Structure of various text types

The following genres have their own structural elements:

Research report
  • A research report generally follows a set structure:
    Intro – Method – Results – Discussion - Conclusion (known as IMRAD)

    1. Longer research reports may contain a literature review as part of the Introduction, or an abstract
    2. Each of these sections follows a relatively predictable structure. For example, a research paper introduction presents a topic and a related issue/problem then establishes a gap in research. It then announces the research question and the aim of the research. It may also give a structural overview of the whole paper.

Case Study
  • This may have a similar structure to a Research Paper:
    Introduction – Aims – Method – Results – Discussion – Recommendations
  • Monash University lists 8 sections:
    Executive Summary – Findings – Discussion – Conclusion – Recommendations – Implementation – References – Appendices
  • A case study can also be structured in a similar way to a story:
    Problem – Solution – Result – Conclusion
Argumentative essay
  • Argumentative papers follow a 3-part structure:
    Introduction – Body - Conclusion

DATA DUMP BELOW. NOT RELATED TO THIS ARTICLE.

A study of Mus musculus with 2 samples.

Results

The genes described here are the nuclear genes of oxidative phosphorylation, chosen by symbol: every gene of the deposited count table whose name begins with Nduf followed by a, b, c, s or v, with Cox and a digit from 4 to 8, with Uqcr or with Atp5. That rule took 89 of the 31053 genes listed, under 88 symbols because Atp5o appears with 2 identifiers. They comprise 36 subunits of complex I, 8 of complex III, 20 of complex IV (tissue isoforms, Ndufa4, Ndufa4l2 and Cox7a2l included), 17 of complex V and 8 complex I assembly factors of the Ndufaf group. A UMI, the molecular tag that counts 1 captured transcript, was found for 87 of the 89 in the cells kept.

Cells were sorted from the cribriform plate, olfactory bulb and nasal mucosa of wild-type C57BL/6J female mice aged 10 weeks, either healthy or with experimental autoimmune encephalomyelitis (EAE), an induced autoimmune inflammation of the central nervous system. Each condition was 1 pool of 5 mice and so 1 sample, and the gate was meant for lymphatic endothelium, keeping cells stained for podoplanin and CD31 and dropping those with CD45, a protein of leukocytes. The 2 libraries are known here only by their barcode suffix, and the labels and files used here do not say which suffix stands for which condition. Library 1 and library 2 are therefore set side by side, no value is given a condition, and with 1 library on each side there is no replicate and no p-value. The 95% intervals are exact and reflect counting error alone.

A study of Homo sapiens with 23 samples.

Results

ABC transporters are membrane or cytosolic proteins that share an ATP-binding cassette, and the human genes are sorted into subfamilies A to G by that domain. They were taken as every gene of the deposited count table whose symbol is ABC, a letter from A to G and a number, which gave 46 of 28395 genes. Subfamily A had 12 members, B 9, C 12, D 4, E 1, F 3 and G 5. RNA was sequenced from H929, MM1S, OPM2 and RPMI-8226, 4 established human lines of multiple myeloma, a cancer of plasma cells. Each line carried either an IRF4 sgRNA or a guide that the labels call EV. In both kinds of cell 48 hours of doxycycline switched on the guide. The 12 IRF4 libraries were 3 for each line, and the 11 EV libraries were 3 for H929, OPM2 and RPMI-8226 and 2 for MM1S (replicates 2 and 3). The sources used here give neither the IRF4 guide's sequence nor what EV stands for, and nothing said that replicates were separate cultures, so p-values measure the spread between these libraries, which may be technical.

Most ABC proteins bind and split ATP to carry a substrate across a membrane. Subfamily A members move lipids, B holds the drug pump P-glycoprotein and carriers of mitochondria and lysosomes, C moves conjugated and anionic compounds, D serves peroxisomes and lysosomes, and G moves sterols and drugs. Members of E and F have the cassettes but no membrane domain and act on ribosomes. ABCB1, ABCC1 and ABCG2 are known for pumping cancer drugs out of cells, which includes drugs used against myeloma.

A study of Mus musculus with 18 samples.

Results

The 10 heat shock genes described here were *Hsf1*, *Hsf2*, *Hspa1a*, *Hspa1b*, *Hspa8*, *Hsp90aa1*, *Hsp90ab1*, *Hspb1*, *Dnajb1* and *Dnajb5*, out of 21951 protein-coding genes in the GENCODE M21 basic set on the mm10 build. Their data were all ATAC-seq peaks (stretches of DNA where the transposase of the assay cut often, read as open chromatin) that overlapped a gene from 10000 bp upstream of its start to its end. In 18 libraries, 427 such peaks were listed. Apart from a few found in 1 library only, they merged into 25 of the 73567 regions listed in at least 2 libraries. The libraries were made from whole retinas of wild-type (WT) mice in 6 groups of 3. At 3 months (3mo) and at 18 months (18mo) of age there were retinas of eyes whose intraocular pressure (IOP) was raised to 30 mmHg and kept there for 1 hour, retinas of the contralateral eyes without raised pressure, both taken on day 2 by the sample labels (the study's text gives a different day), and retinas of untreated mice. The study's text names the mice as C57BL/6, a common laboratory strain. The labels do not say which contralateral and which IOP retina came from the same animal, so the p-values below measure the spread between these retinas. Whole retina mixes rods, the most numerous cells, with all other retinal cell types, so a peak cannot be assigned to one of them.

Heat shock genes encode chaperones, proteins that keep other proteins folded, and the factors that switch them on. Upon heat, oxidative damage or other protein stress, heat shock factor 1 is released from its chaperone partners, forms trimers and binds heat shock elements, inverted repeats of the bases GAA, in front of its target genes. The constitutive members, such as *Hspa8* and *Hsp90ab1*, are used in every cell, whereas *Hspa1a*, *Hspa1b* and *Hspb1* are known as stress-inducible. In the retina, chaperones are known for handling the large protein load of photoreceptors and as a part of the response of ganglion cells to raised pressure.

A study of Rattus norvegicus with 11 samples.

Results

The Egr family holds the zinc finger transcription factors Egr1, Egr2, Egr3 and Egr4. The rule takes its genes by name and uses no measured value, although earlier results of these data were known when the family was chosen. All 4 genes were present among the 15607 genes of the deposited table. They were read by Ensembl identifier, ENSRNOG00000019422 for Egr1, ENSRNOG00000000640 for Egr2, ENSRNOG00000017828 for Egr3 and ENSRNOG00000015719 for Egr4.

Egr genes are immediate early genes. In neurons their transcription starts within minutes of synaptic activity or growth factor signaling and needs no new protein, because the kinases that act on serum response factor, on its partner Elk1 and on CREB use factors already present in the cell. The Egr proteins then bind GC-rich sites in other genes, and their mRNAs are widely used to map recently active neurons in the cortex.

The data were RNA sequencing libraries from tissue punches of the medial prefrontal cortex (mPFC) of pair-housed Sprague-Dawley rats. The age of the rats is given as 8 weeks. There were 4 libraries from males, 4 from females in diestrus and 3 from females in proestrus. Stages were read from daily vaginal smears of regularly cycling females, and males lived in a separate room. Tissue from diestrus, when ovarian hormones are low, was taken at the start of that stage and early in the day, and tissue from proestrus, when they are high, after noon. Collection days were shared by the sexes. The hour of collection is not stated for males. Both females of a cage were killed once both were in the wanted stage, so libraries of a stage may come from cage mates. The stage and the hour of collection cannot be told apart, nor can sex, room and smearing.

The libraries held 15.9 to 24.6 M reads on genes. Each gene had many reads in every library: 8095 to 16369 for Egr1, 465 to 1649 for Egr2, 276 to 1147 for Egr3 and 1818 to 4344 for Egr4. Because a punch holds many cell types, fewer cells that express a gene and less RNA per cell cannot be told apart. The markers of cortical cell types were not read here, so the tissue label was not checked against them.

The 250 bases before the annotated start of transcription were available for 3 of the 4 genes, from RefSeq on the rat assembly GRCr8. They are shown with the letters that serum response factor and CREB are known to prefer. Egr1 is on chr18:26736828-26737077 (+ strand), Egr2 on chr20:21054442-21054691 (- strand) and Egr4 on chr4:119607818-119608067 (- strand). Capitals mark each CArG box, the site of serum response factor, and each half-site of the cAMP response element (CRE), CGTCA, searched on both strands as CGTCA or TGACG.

• The middle part of the tripartite arrangement comprises body paragraphs which present and support arguments (including counter-arguments with refutations). These may be grouped in blocks or arranged point-by point.
  • The introduction is typically arranged to lead up to a thesis statement. The thesis will arise out of a particular issue and the introduction will narrow the topic focus towards the argument the essay wishes to advance.


The following list of (incomplete) sentences are from the Introduction to a Research Report. What is the correct sequence of the sentences? Reorder them:

  1. This paper investigates …
  2. However, there has been relatively little analysis of …
  3. Recent developments in … have demonstrated that …

    C = 1
    B = 2
    A = 3

This language is very typical of the genre of writing that it represents. As a reader. You can train yourself to recognize these ‘sentence frames’. Where the gaps occur is where the subject-specific vocabulary is used.